South Korean leader complains after drone counter measures fail to disrupt North Korean drones which violated Seoul’s airspace for hours
The readiness posture and training of the South Korean military had been “greatly lacking,” as evidenced by a recent incursion of North Korean drones, President Yoon Suk-yeol assessed during a cabinet meeting.
Seoul needs to boost its capabilities in the wake of the Monday incident, the South Korean leader told ministers on Tuesday, according to Yonhap. He claimed his country had realized “the danger of a North Korea policy that relied on North Korea’s good intentions and military agreements.”
The South Korean military has said it fired more than 100 rounds at a trespassing North Korean drone on Monday, but failed to down it, according to Yonhap news agency. It is estimated that several unmanned aerial vehicles (UAV) remained in the South Korean airspace for seven hours.
The South Korean Joint Chiefs of Staff were quoted by local media after warplanes were scrambled to intercept the UAVs and a military helicopter attempted to use its 20mm gun to take out a drone. The UAV had been spotted near Gyodong Island, to the northwest of Seoul and close to the North Korean border.
The military said it respected concerns that residential buildings could have been damaged, according to local media. The North Korean drones are said to have made evasive maneuvers in response to the attacks.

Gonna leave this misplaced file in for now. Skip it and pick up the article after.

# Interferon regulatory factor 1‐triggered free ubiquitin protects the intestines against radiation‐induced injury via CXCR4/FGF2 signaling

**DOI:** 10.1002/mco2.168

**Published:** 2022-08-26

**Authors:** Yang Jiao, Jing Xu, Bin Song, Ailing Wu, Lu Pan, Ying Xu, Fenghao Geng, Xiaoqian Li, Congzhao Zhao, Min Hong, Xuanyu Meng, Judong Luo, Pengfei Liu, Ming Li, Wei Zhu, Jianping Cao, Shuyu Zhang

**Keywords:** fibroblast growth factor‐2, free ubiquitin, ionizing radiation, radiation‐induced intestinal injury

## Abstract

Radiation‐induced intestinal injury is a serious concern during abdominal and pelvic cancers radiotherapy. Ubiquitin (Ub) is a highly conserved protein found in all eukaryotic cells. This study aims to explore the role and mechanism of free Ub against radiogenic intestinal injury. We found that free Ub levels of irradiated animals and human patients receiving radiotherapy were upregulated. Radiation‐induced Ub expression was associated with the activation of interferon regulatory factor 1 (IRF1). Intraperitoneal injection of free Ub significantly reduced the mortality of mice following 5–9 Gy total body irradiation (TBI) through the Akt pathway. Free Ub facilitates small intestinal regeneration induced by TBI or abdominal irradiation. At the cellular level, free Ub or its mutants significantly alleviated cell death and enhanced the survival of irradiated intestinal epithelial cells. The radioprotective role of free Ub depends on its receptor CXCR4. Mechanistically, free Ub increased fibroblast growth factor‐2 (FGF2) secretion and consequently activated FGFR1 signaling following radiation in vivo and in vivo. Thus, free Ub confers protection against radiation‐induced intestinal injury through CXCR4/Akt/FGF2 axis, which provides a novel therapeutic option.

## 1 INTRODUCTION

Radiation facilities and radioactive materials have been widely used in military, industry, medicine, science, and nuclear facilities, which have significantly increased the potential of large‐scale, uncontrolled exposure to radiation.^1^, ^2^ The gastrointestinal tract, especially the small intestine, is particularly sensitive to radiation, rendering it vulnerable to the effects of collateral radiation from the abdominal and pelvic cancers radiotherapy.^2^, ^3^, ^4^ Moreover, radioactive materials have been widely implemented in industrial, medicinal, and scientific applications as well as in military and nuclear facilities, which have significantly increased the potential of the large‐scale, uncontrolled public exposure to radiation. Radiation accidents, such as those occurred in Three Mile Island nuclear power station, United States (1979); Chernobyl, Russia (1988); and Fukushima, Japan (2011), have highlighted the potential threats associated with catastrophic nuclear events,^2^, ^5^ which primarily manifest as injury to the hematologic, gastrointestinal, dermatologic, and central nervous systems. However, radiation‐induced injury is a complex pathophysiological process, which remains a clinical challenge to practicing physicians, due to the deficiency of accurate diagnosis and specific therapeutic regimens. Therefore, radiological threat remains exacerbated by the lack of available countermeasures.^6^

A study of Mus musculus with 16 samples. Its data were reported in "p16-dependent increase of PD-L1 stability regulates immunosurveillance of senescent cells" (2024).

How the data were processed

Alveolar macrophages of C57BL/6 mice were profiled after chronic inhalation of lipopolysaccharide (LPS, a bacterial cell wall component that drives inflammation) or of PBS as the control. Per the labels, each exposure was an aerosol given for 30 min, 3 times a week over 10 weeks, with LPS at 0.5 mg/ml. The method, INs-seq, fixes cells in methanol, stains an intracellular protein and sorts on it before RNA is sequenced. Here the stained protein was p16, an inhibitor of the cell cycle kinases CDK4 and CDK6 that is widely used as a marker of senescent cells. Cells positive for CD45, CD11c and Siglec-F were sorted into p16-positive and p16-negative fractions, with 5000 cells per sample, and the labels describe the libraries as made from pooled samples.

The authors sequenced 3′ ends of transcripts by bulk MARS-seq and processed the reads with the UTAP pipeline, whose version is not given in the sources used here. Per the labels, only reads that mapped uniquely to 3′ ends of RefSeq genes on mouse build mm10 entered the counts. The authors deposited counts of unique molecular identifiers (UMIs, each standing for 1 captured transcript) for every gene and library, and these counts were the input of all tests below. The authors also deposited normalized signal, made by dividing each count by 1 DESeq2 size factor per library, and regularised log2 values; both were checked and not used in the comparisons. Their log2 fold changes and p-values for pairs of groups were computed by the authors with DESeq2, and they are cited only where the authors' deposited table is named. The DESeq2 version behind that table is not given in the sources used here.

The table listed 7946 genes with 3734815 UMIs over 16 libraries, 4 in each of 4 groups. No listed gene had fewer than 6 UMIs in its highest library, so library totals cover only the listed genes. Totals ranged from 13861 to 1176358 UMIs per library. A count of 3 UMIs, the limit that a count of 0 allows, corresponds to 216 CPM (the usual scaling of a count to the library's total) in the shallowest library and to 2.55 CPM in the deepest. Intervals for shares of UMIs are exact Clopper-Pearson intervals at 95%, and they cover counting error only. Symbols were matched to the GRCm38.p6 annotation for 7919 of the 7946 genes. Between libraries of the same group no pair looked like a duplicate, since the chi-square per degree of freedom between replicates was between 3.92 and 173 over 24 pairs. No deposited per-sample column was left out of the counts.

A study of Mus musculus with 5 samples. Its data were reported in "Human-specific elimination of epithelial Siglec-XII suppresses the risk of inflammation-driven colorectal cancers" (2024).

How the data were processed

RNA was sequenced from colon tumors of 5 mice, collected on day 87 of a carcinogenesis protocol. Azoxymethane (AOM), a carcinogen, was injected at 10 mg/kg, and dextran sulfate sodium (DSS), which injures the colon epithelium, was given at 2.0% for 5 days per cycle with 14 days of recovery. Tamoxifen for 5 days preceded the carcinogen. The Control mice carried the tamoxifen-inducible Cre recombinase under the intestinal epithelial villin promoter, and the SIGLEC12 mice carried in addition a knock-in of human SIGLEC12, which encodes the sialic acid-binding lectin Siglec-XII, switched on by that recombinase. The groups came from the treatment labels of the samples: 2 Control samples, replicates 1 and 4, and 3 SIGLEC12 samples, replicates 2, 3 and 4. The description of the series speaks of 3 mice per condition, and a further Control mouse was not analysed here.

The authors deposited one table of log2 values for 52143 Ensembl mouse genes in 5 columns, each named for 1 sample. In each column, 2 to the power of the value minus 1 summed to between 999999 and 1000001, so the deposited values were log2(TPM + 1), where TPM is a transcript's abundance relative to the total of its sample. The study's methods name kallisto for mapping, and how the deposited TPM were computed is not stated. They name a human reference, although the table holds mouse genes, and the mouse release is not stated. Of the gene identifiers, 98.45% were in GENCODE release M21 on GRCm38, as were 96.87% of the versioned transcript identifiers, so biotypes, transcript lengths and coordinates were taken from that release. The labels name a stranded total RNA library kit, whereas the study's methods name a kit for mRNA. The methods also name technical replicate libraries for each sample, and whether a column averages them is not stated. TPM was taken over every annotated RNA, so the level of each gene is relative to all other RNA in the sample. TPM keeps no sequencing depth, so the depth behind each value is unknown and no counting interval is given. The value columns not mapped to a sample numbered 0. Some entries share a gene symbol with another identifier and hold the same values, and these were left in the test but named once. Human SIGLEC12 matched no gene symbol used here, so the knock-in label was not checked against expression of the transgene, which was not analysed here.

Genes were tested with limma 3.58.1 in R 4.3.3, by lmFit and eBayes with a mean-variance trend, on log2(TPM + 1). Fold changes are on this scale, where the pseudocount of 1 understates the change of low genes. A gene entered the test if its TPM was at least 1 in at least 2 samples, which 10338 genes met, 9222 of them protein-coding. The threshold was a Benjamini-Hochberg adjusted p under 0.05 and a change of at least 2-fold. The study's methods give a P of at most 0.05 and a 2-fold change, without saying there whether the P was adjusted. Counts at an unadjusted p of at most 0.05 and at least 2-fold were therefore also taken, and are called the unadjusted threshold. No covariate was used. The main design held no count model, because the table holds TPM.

In total, Yonhap cited the military as saying that it detected five North Korean drones, with one flying between the cities of Gimpo and Paju to Seoul’s northwest, before going as far as the northern part of the South Korean capital. After that, the aircraft returned to North Korea.
President Yoon promised to speed up the establishment of a drone unit, which is intended to conduct reconnaissance operations against the North. It will be moved forward “as much as possible,” he pledged.
“We will strengthen our surveillance and reconnaissance capabilities by introducing advanced stealth drones,” Yoon said.
Last week, Seoul announced it would conduct some 20 military exercises jointly with the US in the first six months of 2023. The countries will focus on “crafting of realistic training scenarios in light of advancing North Korean nuclear and missile threats,” the Defense Ministry stated.
Earlier in December, Pyongyang announced the test of equipment for a spy satellite during the launch of ballistic missiles. It released grainy pictures of parts of South Korea, presumably taken during the experiment, and claimed it will soon be ready to place a fully operational satellite into orbit.